Have you ever had to question whether you’d have enough food to eat in a day? Or have you ever had to worry about where you’d sleep at night? Based on federal government estimates, around 150,000 homeless people in Canada face these questions every single day.
Laurier Brantford Journalism student Dan Losier became especially interested in this social issue, and decided to get involved in a unique way.
“I’m a journalist and I’ve always wanted to make a documentary, so I came up with this idea when I was in Ottawa,” says Losier. “When I moved back to Brantford, I started taking the social documentary class with Ian MacRae… I pitched the idea to Ian and he basically wished me luck and said ‘you’ve got a month to produce this.’”
The film’s premise is simple: “[it’s] 72 hours of me with nothing. I went out with a jacket and my clothes.”
To produce the documentary, Losier sought out the help of friend and Brant News journalist, Tom Kennedy, to shoot the film.
“Dan was looking for someone to be there the whole time and actually shoot the experience,” explains Kennedy. “ It was a really cool way to do it because we were already friends, and I wasn’t just an outsider looking in.”
The friendship both men speak of with sincerity became of primary importance to the filming succeeding.
“Being his friend made it a lot easier to essentially be mean to him because I was comfortable doing that,” says Kennedy. “It was easier to avoid wanting to help him out because I knew what he was trying to do and I wanted him to achieve it.”
Although Losier’s immersion into homelessness was short-lived, the 72-hour experience profoundly impacted him. In a somber voice, he remembers the start of filming.
“You can see the first night I’m pretty scared of where I’m going to sleep. Then the next day, I’m so rattled. I’m freezing my ass off, I have to walk. I didn’t prepare for this.”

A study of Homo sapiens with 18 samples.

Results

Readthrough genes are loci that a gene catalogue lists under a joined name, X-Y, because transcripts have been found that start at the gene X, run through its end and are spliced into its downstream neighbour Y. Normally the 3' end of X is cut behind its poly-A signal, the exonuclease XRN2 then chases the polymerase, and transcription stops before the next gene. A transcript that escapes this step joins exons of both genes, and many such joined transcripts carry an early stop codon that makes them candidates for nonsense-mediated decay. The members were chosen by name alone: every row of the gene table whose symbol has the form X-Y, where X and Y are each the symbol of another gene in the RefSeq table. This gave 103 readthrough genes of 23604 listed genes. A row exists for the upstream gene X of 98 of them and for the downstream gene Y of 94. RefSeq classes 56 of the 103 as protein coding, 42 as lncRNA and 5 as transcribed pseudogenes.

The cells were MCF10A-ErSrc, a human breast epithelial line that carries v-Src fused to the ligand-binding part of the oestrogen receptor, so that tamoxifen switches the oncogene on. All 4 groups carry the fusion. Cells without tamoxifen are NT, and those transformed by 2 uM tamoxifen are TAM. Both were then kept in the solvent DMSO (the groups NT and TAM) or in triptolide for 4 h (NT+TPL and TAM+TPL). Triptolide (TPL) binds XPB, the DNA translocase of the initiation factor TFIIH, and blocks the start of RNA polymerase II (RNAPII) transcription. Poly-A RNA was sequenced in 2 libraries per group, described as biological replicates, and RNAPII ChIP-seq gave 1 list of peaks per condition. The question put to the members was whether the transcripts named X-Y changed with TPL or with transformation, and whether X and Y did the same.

Unfortunately, preparing for homelessness is a terrifying and near-impossible prospect.
According to a 2006 survey, roughly half of all Canadians live in fear of poverty and 49 per cent of people polled believe if they miss one or two paychecks, they will be poverty stricken.
The notion that nearly half the population could find themselves in poverty a few payless weeks is not lost on Losier.
“It doesn’t matter who these people are and what they’ve done in their past—they’re people. When I went to [the soup kitchen, I saw that] they were just normal people who were down on their luck.”
Once filming and editing ended, Losier brought his film back to MacRae’s class for a viewing in front of students, professors and a representative of the Brantford Film Festival (BFF). Losier submitted the film and was selected for the Brantford Showcase which will feature three films that tell stories of Brantford.
When asked what he wants people to take away from the film, Losier speaks with certainty.
“The main message I want to put through my work is community and getting together. I really truly believe that’s how the world can change. There’s a lot of social change that needs to happen and we’ve put that in other people’s hands and it’s clearly not working. We need to put it back in our own hands, get together and do it ourselves.
The BFF runs from October 15 to 16. Tickets can be purchased at the Brantford Arts Block at 80 Dalhousie Street. Tickets to the Brantford Showcase are $5 and include viewings of all three films.
For more information on the BFF and Losier and Kennedy’s film, “In Their Shoes: The Experience” visit the festival’s website: http://www.brantfordfilmfestival.ca/.